Americans With Disabilities Act marks 29 years
Christopher Hefner is 32-years-old and has lived with Beals syndrome and scoliosis his entire life.
"Several back surgeries as a youngster by kindergarten and first grade, leg surgeries, after that, physical therapy throughout life...." Hefner said.
Although the ADA was passed in 1990, it took years before it was implemented, he said.
"The ramps...as a kid, I remember going to places with Mom and Dad as a kid in the early 90s. ADA's there for example, but you did the old game of, 'where's the ramp?'" Hefner said.
Since then, he said the law has made significant strides with wheelchair accessible bathrooms, ramps and parking spaces.
Larry Phillippe, with Texas Tech Student Disability Services, said the ADA Amendments of 2008 expanded the qualifications of a disability.
"It definitely reset the law and made it to where it was much more purposeful, doing what it was intended to do, and that's really to provide services for those folks that needed it," Phillippe said.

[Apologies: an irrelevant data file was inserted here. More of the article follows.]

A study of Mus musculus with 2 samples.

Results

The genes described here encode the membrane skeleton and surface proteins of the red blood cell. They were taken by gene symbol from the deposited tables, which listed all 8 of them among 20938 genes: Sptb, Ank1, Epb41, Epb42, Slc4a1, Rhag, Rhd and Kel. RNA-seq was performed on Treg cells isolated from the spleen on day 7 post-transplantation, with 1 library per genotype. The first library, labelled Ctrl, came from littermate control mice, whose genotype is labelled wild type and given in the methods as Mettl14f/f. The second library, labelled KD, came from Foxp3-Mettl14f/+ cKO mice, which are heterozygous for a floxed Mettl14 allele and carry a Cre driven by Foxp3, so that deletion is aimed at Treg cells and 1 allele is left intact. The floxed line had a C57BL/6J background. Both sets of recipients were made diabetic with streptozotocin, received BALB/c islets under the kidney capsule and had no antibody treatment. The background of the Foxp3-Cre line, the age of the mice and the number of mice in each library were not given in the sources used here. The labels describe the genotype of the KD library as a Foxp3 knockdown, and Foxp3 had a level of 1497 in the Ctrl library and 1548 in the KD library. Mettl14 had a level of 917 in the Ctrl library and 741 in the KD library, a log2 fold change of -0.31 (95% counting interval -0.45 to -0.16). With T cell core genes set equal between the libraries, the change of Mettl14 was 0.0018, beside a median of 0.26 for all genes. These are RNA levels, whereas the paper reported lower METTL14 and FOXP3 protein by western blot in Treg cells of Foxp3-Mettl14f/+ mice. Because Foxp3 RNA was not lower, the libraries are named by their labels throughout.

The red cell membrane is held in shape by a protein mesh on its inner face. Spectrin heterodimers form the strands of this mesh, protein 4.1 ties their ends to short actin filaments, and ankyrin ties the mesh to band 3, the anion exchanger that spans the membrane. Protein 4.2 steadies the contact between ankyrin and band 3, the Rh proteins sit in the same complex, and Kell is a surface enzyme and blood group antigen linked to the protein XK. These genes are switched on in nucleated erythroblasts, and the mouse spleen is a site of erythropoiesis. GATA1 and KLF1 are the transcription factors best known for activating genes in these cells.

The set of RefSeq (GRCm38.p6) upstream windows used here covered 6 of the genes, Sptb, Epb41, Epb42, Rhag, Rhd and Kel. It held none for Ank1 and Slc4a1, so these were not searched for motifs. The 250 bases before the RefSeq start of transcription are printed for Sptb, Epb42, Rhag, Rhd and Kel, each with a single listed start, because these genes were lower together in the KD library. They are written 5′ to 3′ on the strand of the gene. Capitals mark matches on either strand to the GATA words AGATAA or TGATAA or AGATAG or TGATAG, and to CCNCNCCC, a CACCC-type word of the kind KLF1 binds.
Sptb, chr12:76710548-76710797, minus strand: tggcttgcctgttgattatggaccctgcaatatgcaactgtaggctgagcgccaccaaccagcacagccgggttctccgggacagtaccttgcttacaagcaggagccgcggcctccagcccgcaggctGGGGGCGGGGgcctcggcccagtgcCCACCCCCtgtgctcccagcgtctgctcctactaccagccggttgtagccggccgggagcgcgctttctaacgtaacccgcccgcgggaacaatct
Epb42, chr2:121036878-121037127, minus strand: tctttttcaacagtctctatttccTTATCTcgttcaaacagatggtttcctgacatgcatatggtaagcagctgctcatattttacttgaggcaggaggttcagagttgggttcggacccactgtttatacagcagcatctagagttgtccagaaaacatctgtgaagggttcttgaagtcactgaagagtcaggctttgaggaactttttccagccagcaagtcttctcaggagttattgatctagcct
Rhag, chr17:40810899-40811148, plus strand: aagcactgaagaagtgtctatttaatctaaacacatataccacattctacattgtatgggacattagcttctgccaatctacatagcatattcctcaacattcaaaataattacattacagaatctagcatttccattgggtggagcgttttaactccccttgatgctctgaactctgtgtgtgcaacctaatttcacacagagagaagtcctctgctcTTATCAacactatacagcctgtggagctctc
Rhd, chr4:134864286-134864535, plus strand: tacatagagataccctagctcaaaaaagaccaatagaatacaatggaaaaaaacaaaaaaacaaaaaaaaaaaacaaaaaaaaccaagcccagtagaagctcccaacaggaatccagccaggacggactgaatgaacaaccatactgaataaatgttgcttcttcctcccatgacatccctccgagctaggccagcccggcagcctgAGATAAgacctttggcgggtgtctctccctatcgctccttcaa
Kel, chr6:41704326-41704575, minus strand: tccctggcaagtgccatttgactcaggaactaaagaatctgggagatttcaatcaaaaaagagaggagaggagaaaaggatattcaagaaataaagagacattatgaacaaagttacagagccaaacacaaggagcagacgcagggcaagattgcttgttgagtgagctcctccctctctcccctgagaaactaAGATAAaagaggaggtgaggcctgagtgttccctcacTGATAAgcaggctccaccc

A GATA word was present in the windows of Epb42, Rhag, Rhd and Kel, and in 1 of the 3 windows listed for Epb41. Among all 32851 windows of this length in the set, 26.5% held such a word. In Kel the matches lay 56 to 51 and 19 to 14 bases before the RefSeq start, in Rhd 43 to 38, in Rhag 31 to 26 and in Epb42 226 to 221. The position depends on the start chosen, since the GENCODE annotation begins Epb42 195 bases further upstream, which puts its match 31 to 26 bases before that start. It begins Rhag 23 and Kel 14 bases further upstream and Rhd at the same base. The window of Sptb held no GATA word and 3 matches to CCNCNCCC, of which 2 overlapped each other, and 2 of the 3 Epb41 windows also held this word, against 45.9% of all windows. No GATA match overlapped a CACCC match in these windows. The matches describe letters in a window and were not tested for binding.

Without the law, Phillippe said equal access for every individual in all programs and services may not have come as quickly.
"You see all these things that have come about as a result of the ADA and pushing people to think outside the box and come up with more effective ways to do things," he said.
However, Hefner said there is still room for improvement. The primary part lawmakers can improve on, he said, is employment. He said he wishes employers were able to ask questions about his capabilities.
"One reason I'm self employed, I've interviewed for numerous jobs ... the whole time I'm doing job interviews, they're looking down at me now in my chair. But it's obvious they have questions and concerns ... I wish we could talk about it."
Overall, he said the law needs better enforcement. He suggests having an ADA unit in the Justice Department, or a special task force to handle these sorts of complaints.